Follow-Up Letters

These are some of the trickiest documents to write to a hiring manager.  You want to say thanks, express sincere gratitude for his time and consideration without sounding redundant or hackneyed.  In any case, Thank-you’s are always required.  If you don’t thank people, they’ll remember how thankless you were.  That is the thing about negative thinking, when people do it they often do it to destroy your image.  It is rarely done in measure.

But you’re not just thanking someone of influence at a company.  There are very specific reasons why you send a Thank you letter.

One, to remind the hiring manager/owner of your talents, skills, and experience as the solution to their problems.  The letters don’t always have to be such formal documents. They need to be written on 8 x 11, white paper but they can actually be quite brief.

You have to send a thank-you letter after every interview. You don’t have to send one after a phone interview, but you can send a polite thank-you email message instead, like this:

Dear Samantha,

Thanks for chatting with me on Thursday evening about the Database Administrator job at Angry Chocolates. I was especially grateful for your explanation of the database integration project that Angry is going through now. I’m excited to learn more. Thanks again for your time,

Charlotte Bronte

The reason Charlotte thanked Samantha for explaining the database integration at Angry Chocolates is not just that Charlotte wants to be polite. She also mentioned the integration project to bring herself back into Samantha’s mind. Samantha is a busy recruiter. Who knows how many candidates she may have talked to this week?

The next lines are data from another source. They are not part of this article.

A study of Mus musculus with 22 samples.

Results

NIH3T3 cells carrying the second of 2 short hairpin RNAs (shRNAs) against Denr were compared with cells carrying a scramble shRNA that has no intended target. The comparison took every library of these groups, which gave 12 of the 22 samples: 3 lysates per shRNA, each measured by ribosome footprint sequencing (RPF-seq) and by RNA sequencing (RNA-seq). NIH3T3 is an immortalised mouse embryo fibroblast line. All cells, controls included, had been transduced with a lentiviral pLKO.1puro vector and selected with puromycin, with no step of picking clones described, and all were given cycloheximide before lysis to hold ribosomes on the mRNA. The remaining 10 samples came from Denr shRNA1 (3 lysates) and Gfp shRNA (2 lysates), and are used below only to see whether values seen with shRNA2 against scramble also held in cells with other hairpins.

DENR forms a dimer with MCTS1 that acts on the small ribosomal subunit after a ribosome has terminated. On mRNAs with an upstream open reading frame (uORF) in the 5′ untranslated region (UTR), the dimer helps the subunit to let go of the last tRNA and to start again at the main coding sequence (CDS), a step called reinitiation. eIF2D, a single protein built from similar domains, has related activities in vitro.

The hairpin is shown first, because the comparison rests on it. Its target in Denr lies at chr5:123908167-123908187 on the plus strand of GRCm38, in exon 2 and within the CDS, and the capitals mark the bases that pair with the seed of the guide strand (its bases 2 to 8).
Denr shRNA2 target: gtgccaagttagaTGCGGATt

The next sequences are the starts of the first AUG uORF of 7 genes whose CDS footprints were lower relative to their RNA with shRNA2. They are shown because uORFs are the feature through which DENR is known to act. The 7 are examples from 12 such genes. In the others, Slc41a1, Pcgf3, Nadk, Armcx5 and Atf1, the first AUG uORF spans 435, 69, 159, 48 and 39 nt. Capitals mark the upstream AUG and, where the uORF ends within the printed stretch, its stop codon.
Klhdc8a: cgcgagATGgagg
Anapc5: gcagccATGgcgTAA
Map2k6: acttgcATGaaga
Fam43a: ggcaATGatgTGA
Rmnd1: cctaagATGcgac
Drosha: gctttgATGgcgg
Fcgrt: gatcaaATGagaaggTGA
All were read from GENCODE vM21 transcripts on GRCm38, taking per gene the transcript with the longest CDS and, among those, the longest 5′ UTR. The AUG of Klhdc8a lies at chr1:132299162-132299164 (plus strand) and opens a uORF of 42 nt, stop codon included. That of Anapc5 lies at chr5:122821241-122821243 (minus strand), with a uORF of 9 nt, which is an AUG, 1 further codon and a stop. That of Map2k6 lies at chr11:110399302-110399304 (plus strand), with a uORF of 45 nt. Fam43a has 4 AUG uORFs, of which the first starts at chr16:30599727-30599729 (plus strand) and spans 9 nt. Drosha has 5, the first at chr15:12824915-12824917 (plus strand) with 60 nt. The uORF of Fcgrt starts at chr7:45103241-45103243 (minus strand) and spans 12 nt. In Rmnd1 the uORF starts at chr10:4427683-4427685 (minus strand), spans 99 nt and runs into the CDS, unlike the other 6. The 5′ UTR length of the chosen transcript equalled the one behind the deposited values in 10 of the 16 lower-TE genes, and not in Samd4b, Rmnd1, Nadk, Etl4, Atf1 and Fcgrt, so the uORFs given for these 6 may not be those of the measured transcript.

The key takeaway is this, “She also mentioned the integration project to bring herself back into Samantha’s mind.”  That’s it.  You are reminding people.  To make decisions, people need to be nudged. A little nudging does not hurt.

1.  Following face-to-face interviews.  This was good.

A face-to-face interview requires a written thank-you I recommend that you thank your hiring manager twice — once in a quick written thank-you note card and again in a longer, more substantive email message. If you think that two follow-ups is too many, keep in mind that managers are information-overloaded at all times.

Your quick note card thank-you shows that you know how to write and how to be polite. Your more substantive email follow-up can get into the areas you and your manager spoke about in more depth. Here is an example of each . . .

Well this certainly surprised me.  You can make a series of follow-up letters if you like the company and staff enough.  Check this out.

Email Follow-Up (Sent Three Or Four Days After Your Interview):

Dear James,

Thanks again for meeting with me on Monday to chat about your Database Administrator job. I’ve been thinking about the logistics for the integration of the product and customer databases in connection with the Irritated Mints and Candies acquisition and would love to share my ideas when we speak again.

When I integrated the customer and product databases for the Acme Explosives/Toontown Dynamite merger, I was responsible for maintaining the two existing databases and project-managing the integration without downtime during the six weeks following the merger. We got it done and trained the combined team on the new database and report creation within three months. I’d be excited to bring that learning to your team at Angry Chocolates.

All the best,

Charlotte Bronte

Looking for sample Thank-you letters.  Check this out.